Critic Reviews



Based on 13 critic reviews provided by
Chicago Tribune
As interesting, certainly, as “American Gangster,” and operating with a truer street sense of the characters involved.
The A.V. Club
If Barnes ultimately emerges as a heartless, duplicitous villain, he's nevertheless got the devil's slippery, seductive charm.
What emerges is a portrait of a complex man - one who had no qualms about murder and drugs but who won a national poetry contest and read "Moby-Dick" while in jail. Go figure.
It's not a pretty picture, but it sure is a compelling one.
Village Voice
A fascinating first-person account of drug kingpin and ruthless gangster Nicky Barnes, whose outrageous story of rise, rule, rage, and revenge requires no such stylistic filler.
It's fast and furious, and it proves that crime doesn't pay, unless you know how to do it right.
Barnes, now in his seventies and relocated by the Witness Protection Program, is shot only in silhouette, but there's plenty of footage of him in his heyday, dressed to the pimpalicious nines and playing to the cameras like a movie star.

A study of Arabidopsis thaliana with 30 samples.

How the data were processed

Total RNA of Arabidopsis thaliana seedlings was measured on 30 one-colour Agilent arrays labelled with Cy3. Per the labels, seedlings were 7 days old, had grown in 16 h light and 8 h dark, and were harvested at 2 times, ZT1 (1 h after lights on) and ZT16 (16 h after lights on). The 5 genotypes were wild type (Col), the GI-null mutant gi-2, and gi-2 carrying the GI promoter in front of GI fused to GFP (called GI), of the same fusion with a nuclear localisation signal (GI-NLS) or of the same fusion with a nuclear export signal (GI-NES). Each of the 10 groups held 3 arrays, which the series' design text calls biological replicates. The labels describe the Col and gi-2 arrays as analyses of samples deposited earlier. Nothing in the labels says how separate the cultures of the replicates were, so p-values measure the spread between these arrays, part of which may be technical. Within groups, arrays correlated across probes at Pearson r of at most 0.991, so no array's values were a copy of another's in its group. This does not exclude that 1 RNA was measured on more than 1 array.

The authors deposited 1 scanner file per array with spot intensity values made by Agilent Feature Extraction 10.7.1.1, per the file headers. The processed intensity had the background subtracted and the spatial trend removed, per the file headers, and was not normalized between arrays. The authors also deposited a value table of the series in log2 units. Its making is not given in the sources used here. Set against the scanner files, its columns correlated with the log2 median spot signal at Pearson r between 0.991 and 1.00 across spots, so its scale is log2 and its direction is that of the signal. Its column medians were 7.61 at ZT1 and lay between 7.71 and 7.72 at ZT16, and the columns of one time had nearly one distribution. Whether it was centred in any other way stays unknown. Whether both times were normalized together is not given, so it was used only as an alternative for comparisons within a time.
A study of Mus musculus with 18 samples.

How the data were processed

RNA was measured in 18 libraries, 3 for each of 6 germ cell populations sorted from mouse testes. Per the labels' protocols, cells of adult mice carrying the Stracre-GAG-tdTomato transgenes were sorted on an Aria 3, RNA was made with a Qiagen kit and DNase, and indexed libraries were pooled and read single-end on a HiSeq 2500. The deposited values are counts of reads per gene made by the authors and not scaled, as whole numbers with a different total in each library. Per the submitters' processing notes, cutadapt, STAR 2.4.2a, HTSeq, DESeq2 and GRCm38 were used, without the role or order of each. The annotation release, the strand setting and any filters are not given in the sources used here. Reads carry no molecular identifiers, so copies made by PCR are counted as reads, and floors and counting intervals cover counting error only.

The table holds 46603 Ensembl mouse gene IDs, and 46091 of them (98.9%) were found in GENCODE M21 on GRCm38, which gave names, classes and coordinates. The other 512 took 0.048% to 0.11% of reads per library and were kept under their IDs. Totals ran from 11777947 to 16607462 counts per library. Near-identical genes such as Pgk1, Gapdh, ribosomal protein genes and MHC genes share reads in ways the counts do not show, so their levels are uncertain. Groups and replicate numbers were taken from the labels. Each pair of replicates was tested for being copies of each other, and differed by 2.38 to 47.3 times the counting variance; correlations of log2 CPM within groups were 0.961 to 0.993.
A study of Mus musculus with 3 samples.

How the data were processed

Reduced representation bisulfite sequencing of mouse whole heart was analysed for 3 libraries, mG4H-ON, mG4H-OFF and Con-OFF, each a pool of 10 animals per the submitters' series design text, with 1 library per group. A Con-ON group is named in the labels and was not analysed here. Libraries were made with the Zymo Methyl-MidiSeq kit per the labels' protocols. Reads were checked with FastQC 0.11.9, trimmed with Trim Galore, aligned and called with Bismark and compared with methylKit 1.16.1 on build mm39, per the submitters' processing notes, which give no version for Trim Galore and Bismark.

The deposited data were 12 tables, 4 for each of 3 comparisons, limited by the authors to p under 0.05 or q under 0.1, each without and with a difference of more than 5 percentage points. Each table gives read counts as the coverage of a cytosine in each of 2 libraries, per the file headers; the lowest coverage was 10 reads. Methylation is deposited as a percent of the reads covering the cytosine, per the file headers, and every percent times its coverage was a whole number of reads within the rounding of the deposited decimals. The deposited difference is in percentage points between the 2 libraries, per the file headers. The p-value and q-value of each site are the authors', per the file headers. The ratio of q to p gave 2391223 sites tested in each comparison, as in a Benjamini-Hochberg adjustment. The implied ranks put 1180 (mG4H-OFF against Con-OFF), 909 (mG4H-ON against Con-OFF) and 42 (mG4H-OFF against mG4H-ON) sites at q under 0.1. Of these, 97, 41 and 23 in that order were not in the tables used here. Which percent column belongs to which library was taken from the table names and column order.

There is some acknowledgment of the terrible effects of the drug trade on residents of Harlem and other poor New York neighborhoods, but for the most part Mr. Untouchable clings to the standard hip-hop mythology of the pusher as entrepreneur, rebel, celebrity and folk hero.
Alternately seduced and repelled by its subject, the garish and power-hungry Harlem gangster and '70s cocaine kingpin Nicky Barnes, Mr. Untouchable is one seriously confused documentary.
Chicago Reader
Machiavelli epigrams and 70s soul classics embellish this slice of thug life, which succumbs to the usual hypocrisy of condemning Barnes while grooving on his cars, clothes, and jewels.